Serious Question: Would You Live In Your Office To Save Money?
Yes, I realize that question sounds like an unemployment and welfare line waiting to happen all in one, but if push came to shove — and you were creative enough — it would be possible to make your office your temporary residence.
Such was the case for Terry K., a columnist who wrote about secretly living in his office for 500 days on Salon a few months ago. I’m not sure why the story popped up on one of my social feed all this time later, but I was very intrigued by the tale– mostly by how he managed to pull this off and second, all the rent money that could be saved.
Rent is exactly what pushed Terry to move into his office full time. Working 60 hours a week at two jobs just to live in a studio in Venice Beach was becoming extremely taxing on the California resident and after renting out his place for a month and testing out his office digs ’round the clock, Terry eventually gave up his place and most belongings altogether and lived at work for more than a year. Of course this required some craftiness on the aspiring actor’s part, like rising for early morning workouts at the gym where he would also shower, and being sure not to be the first one in the office — sometimes even arriving late on purpose and blaming L.A. traffic to ward off any suspicions. And though he had the routine down to a near science, there was always the lurking fear someone would catch him sleeping under his desk at night. Those fears seemed to be thwarted by the “$20,000 in living costs and 216 hours of commuting” he saved before his company eventually went under.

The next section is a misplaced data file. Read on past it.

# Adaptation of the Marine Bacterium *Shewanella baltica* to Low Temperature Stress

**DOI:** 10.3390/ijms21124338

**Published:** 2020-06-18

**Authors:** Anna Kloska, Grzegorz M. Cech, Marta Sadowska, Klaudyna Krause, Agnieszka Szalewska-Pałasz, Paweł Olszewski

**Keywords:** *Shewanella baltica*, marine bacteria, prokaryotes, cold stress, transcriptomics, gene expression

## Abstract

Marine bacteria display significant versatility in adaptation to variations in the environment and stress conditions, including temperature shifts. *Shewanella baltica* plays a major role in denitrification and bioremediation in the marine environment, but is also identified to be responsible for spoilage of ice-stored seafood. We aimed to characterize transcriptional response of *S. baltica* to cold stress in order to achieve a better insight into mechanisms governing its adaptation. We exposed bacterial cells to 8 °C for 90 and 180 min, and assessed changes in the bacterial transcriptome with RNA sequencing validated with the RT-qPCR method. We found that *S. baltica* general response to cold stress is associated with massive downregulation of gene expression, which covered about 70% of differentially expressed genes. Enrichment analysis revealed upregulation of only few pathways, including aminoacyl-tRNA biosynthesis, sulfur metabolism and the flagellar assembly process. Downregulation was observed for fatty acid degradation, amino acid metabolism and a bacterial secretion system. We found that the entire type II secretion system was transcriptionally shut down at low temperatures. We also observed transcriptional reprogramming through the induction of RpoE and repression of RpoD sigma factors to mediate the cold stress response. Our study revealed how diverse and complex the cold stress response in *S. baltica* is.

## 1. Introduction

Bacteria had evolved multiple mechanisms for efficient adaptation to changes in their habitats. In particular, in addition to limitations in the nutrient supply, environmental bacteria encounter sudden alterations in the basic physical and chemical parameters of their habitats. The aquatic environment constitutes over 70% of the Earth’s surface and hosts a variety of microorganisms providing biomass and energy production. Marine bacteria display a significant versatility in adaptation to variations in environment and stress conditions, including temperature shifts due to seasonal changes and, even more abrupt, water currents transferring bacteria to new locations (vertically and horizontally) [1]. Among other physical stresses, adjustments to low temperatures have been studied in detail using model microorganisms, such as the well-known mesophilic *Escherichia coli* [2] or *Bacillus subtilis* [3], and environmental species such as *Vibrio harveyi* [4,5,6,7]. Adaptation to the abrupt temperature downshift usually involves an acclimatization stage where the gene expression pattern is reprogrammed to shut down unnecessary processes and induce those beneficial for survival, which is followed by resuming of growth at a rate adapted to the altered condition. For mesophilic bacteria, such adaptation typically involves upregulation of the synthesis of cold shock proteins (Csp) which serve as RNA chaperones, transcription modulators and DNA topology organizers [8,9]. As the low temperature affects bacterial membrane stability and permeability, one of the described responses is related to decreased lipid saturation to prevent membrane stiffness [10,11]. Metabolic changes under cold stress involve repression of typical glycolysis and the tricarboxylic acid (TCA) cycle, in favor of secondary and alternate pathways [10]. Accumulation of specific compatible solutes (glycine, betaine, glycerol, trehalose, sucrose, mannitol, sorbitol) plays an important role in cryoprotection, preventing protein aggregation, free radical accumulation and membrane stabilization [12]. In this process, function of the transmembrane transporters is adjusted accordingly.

It’s those numbers that made me think twice about this notion. While I’m one of those people who hates to be in the office even during my required hours, the prospect of saving even a month’s worth of rent sleeping under my desk makes me want to list my place on Airbnb real quick. And because I’m a writer, I can always claim I did so under the guise of getting a good story.
As should be pointed out in Terry’s case, though he considered himself “not your average homeless person,” he also acknowledged: “what is the average homeless person nowadays, anyway? The once-wide chasm between ‘homeless’ and ‘middle-class’ has shrunk to little more than a fault line, over which many find themselves standing in a precarious straddle, a little bad news away from losing it all.” And that’s the heart of the matter. Few people who find themselves deciding whether to sleep at the office or not actually have a choice, unless park bench versus office chair sounds like a choice to you. In the end, when Terry’s company went out of business, he found himself in an even more precarious living situation: sleeping in his truck which he’d turned into a mobile home of sorts. Happier than he ever was breaking his neck to have a traditional home, I have to say his situation makes me want to give this a go, if for no other reason than to add a bit more padding to the rainy day fun. But I also know myself and cutting back on spending and tightening the budget are probably better precautionary measures.
Would you ever try to live in your office to save money?